One of the central motifs of the biblical narrative is food. Matzah, manna, and mei merivah help to highlight the crucial role of food in shaping the course of Jewish history. The entire course of human destiny was changed due to Adam and Eve’s eating from the eitz hada'at.
To a great extent our holiest days of the year, Shabbat and Yom Tov, centre on food. Even Yom Kippur is preceded by a Biblical mitzvah to eat. Our tradition sees food as a mechanism for spiritual growth. "For I am the Lord your G-d, and since I am holy you must make yourself holy" (Vayikra 11:44) is the summary verse concluding the laws of kashrut. The many laws requiring us to share our food with the “widow, orphan, poor, stranger and Levite” are the manifestation of that holiness.
Many of the major events in the lives of our patriarchs revolve around food and famine, with the results of those encounters helping to form the Jewish nation.
Soon after G-d told Abraham to move to Israel, famine struck and Abraham headed to Egypt, the food capital of the ancient world. Abraham returned to Israel soon thereafter but with "livestock, silver, and gold" (Breisheet 12:2). Apparently if the accumulation of wealth is one's basic desire, the best place to do so is outside the land of Israel. While the Torah promises economic prosperity if we run a state according the dictates of Torah, Israel is primarily a spiritual home, not a material one.
Yitzchak, wanting to follow the ways of his father, also departed for Egypt when faced with famine. But G-d, knowing the difficulty Yitzchak—as one not schooled in the world of deception and corruption—might face away from his family and surroundings, instructed him to stay put. And immediately thereafter the Torah describes the great wealth that Yitzchak amassed in Israel. Israel is also a land where material blessings are also possible.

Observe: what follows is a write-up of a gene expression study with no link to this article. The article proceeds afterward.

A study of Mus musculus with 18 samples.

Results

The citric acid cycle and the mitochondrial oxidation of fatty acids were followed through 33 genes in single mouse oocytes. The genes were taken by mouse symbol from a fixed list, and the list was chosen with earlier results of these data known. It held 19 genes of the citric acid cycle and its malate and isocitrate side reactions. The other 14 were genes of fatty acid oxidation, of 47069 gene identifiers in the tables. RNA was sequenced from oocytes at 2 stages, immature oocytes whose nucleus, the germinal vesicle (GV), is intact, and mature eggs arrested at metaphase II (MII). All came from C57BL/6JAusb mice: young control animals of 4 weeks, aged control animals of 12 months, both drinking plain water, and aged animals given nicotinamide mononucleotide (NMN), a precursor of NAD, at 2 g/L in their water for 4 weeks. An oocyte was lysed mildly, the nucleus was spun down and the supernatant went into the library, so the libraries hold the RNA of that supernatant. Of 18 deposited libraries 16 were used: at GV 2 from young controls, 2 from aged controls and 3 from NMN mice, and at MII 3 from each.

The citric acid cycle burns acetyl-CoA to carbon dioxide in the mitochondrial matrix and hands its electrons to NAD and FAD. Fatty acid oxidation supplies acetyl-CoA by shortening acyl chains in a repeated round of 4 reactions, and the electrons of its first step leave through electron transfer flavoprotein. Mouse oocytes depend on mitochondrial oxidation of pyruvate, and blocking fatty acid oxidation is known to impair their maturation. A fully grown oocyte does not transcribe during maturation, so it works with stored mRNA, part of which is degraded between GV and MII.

Much of Yaakov's life seemed to revolve around food. His troubles began when he purchased the birthright for a bowl of lentil soup and he received his father’s blessing after brining him some food. It was food that served as the mechanism by which Joseph achieved his political power and it was through food the family was reunited, ensuring the founding of Bnei Yisrael.
Yet each of the Avot faced a major crisis after finding food in the face of famine. Abraham and Lot parted ways as their differing perceptions of the role of wealth made life together impossible. Yitzchak’s success generated envy, hatred and expulsion (Breisheet 26:19-21). And Yaakov's short trip to Egypt led to slavery, and the eventual assimilation of most of the Jewish people.
The Jewish people have faced much famine, both literally and figuratively, throughout our history. Yet we have survived, and at times even thrived, despite these difficult conditions. However, the blessings of wealth granted to our generation, far more than to any other in our long history, have proved to be equally difficult. For many, assimilation has been their fate. For others a sense of modesty has been lost. The materialistic drive that surrounds us at every turn has taken a heavy toll on our moral fibre.
With the possible exception of birchat haTorah the only Biblically mandated blessing is birchat hamazon, recited after eating. It is easy to recognize G-d before we eat, when we are in need; it is much more difficult to do so after one is satiated.
As Joseph taught many years ago, the economic fortunes of the world have cycles of boom followed by bust. This, not unlike the laws of physics, is imbedded in nature; and we would do well to remember that. Wherever we find ourselves on the economic cycle, let us follow the advice of Yosef haTzadik: "It is not by my own power. G-d will provide an answer concerning Pharaoh's fortune" (Breisheet 41:15).
 The best place to do so within Israel proper might be in Sedom, where Lot, seeking even greater fortunes, settled.